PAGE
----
When even adults are left speechless by traumatic events, it's hard to imagine what's going on in the mind of a child.
Adults often gorge on media images -- trying to glean facts, gain perspective, to make sense out of a senseless event.
But for children, it can have the opposite effect.
After the deadly rampage at the Sandy Hook Elementary School in Newtown, Conn., psychologists and pediatricians are strongly urging parents to shield their school-age children from too much exposure to the news.
"For really young children, they can be confused and think that this is happening over and over and over again," said Jamie Howard, a clinical child psychologist and trauma expert at the Child Mind Institute in New York. "They don't necessarily know that it's on a loop, And that would be really scary.
"For older kids who are around 8, 9, 10, they might sort of be inundated with anxiety and people's fear and people's stress," Howard said, "and it could overwhelm their capacity to cope."
Elementary school is supposed to be a safe, innocent place, but the Sandy Hook shooting shatters that notion for parents.
If your children are old enough to ask questions, instead of talking to the kids try just listening.
"Start by asking them: What do you know? What are you feeling?" Howard said. "Ask open-ended questions so that you can start from there. A lot of times we think they want to know lots and lots of information that adults want to know. But children don't necessarily have the same questions or have the same needs."
When they do ask questions, parents shouldn't hide their emotions -- but experts warn parents to try not to be overly emotional in front kids because they get their cues from grown-ups.
"We look to grown-ups to interpret situations for us," Howard said. "It's called social referencing. It's what kids do. So we are all sort of being watched. And kids are looking to us to let them know: How should we be reacting to this?"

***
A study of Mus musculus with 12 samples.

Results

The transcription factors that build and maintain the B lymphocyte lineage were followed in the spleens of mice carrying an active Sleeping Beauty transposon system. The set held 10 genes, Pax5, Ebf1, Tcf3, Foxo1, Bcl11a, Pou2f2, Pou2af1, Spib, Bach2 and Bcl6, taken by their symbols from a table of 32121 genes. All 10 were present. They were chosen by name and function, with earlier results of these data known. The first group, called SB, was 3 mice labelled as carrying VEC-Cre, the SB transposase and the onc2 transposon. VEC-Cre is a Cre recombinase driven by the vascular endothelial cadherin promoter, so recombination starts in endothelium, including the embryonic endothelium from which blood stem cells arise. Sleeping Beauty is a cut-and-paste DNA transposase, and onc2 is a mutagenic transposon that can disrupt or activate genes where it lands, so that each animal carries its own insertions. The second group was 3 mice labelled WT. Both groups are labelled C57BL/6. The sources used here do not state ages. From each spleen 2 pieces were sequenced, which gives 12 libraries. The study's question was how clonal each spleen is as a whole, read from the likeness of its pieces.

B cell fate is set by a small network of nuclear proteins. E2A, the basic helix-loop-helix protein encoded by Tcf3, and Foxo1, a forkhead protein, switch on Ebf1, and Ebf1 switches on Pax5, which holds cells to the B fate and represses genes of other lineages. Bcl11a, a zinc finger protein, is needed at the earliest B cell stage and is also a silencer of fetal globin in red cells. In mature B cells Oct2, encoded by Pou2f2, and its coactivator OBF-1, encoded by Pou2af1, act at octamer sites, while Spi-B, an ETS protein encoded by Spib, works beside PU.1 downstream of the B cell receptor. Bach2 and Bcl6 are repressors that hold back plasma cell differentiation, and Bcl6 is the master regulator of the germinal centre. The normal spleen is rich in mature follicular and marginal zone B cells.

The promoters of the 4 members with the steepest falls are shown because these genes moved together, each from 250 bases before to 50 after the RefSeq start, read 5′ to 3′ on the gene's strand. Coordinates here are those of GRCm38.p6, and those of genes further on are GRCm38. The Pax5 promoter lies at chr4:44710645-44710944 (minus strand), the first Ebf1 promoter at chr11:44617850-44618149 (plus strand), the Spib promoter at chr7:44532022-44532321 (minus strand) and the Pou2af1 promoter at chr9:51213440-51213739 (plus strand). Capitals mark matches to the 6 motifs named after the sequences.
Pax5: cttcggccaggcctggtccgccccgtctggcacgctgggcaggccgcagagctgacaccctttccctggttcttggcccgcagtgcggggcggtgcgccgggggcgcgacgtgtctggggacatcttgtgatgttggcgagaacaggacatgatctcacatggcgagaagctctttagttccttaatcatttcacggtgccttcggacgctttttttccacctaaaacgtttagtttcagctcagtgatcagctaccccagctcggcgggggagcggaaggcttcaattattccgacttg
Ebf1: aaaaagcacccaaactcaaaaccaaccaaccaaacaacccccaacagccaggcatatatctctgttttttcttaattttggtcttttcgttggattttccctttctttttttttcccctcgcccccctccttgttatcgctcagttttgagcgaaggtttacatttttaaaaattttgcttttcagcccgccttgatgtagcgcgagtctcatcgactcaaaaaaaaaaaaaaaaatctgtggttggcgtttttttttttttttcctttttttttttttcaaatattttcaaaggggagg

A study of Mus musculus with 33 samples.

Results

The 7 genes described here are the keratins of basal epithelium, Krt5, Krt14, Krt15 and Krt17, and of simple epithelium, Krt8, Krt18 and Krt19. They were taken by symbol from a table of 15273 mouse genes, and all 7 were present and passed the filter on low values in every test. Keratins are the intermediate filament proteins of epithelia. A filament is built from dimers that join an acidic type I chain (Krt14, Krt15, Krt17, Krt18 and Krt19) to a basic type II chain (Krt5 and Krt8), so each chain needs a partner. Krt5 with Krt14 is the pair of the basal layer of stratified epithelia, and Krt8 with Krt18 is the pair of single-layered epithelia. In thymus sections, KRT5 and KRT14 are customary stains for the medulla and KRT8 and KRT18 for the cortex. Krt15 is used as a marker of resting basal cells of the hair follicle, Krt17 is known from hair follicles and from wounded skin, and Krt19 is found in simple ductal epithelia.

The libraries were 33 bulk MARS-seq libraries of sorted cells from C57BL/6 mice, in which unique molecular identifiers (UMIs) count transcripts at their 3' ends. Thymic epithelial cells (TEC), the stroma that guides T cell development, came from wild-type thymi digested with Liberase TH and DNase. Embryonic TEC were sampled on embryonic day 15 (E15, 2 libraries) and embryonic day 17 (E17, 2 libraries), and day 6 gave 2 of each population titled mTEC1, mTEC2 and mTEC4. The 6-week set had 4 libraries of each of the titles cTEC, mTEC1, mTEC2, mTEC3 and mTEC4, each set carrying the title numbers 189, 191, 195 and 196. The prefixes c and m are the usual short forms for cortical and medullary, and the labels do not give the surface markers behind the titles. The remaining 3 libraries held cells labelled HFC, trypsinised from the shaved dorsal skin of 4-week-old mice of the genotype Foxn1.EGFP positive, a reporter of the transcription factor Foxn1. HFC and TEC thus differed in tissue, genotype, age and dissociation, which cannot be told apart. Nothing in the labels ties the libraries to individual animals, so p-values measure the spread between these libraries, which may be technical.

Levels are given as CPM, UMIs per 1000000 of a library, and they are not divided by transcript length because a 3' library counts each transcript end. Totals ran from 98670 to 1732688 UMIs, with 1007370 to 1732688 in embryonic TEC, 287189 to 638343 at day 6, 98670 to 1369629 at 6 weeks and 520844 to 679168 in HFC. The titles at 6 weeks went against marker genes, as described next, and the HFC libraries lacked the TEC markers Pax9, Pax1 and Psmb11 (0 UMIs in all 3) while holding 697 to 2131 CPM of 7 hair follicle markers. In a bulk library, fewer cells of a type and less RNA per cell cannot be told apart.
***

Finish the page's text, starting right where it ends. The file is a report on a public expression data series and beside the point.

It's understandable that parents are emotional, but Howard suggests grown-ups should share our sadness and our fears with other adults and not let children eavesdrop on those conversations.
Mental health experts said they've learned a lot from the experience of 9/11.
"A number of children were traumatized who didn't have direct contact with 9/11, but rather watched the media extensively," said Dr. Alan Kazdin, a professor of child psychology at Yale University. "For those children, a term was coined called 'secondary terrorism.' That is to say, some children had symptoms of post-traumatic stress disorder from extensive exposure."
For parents, it's a delicate balancing act calibrated to each child's personality. They might ask themselves: Is my kid anxious? Is she fearful?
"Right now, you are going to see a lot of anger, said ABC News' Dr. Richard Besser, a pediatrician by training. "You are going to see a lot of sadness, a lot of tears.
"But over time," he added, "watch for these kinds of things: Watch for children who are having trouble sleeping or eating, kids who can't focus, who can't go to school, who can't resume their normal activities -- or children who are just obsessed with worrying. All they can think about and talk about is this event. Those kids, you are going to want to get them some special help."
Parents need to reassure kids repeatedly that they are safe because the images from traumatic events can be haunting. They should explain in concrete terms that police and teachers are working to keep schools safe and that what happened in Newtown, Conn., is a rare event.
That's how adults put things into perspective. They know that the odds are incredibly long that their child's school is going to have such an incident.
And yet, kids might not know that. They are especially prone to what's known as "thinking errors" after trauma, Howard said.
"They are especially prone to what we call magical thinking or associative logic, so [they think that] if it happened in a kindergarten classroom, it will happen in another kindergarten classroom," Howard said. "So parents need to monitor and correct kids' magical thinking."
Several professionals said the best comfort may not be verbal. Instead, as President Obama noted Friday, parental reassurance comes in many forms.
"This evening, Michelle and I will do what I know every parent in America will do, which is hug our children a little tighter, and we'll tell them that we love them," Obama said.
There is abundant research, Kazdin said, "from animal research to human research, to research with premature babies, that suggests that touch, the comforting, has strong biological effects on all facets of the organism -- managing stress, comforting. So it's not just a cliche of parenthood. It's wisdom through the ages that now has science behind it."
So when words fail, never underestimate the power of an embrace.